I've been blogging about some of the less well known but nevertheless still significant actors involved in the Carry On films. When we think of Carry On actors we think of the likes of Kenneth Williams, Sid James or Barbara Windsor. However the films always boasted a wide range of top quality British supporting players who were instantly recognisable but often never got the recognition they deserved.
So far I've written about Marianne Stone, Esma Cannon, Carol Hawkins, June Jago, Peter Gilmore and most recently, Michael Nightingale. Today I'm going to look at an actress best known for playing a series of fearsome battle axes in British film - Judith Furse.
Judith Furse played supporting roles in three Carry On films. She first appeared as the school headmistress who has an altercation with a confused Kenneth Williams during one of the many mix ups in Carry On Regardless. We next saw Judith in Carry On Cabby two years later. In Cabby Judith played an outraged passenger in the back of Sid James' taxi. She overhears a conversation between Sid and wife Hattie Jacques, jumps to the wrong conclusions and causes a right old stink!
Perhaps Judith's most memorable Carry On was her final appearance with the team in 1964. Dr Crow was the evil head of S.T.E.N.C.H, the organisation trying to bring down the British Secret Service in Carry On Spying. Despite her best efforts, Dr Crow comes up against the combined talents of Kenneth Williams, Barbara Windsor, Bernard Cribbins and Charles Hawtrey. She never had a chance! I love the scenes where Dr Crow attempts to brainwash Barbara's character, Daphne Honeybutt. Brilliant stuff. Did you know that the voice of Dr Crow was provided not by Judith, but by actor John Bluthal? Bluthal himself had a role in Spying as well as cropping up in Follow That Camel and Henry.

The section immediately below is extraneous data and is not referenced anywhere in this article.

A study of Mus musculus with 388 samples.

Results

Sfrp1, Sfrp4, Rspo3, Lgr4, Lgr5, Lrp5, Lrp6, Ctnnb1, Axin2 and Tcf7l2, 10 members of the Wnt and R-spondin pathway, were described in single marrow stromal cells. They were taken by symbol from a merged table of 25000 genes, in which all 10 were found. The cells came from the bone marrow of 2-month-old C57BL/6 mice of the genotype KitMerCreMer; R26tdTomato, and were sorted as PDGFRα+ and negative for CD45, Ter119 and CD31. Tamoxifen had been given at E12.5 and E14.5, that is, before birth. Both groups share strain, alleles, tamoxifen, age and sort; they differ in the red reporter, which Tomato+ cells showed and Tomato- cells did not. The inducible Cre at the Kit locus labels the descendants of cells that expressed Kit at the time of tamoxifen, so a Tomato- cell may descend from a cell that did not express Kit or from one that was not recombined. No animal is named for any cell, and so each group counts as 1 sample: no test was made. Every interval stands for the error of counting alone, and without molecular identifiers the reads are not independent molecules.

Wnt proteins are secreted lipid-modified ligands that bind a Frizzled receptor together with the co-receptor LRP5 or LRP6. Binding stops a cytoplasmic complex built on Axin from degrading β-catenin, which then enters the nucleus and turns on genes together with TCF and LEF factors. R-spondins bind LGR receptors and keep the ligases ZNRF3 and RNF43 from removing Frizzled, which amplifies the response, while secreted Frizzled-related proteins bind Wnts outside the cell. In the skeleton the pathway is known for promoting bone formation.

Sadly that was all we saw of Judith Furse in the Carry Ons. So what else did she get up to in her career? She worked again for Rogers and Thomas in The Iron Maiden, released in 1962. She also had supporting roles in a host of other classic British comedy films of the era, including: Blue Murder At St. Trinian's, In The Doghouse, Mother Riley Meets The Vampire and A Weekend With Lulu. She also appeared in classic films such as Goodbye Mister Chips (with Greer Garson and Robert Donat), The Browning Version (with Michael Redgrave) and The Man In The White Suit (with Alec Guinness). In 1947 she starred alongside Deborah Kerr and Flora Robson as Sister Briony in the classic film Black Narcissus.
On television she appeared in the likes of Dixon Of Dock Green, The Rag Trade, The World of Wooster and Pardon The Expression. Judith's career dated back to 1938, her first appearance being in an early television play called Goodness, How Sad, directed by Tyrone Gutherie. She made her last screen appearance in 1972 in the Barry Humphries' scripted film The Adventures of Barry McKenzie.
So what else do we know about Judith Furse? She was born in Surrey in March 1912. She trained at the Old Vic in the early 1930s and spent the next decade learning her craft in various stage productions before making her first screen appearances just before the Second World War. Sadly very little is known about Judith's life away from acting. I did find one page which focussed on her role in the classic Black Narcissus - it is worth a read here.
Sadly Judith Furse passed away at the relatively young age of 62 in 1974. If anyone has any further information about Judith, please do get in touch.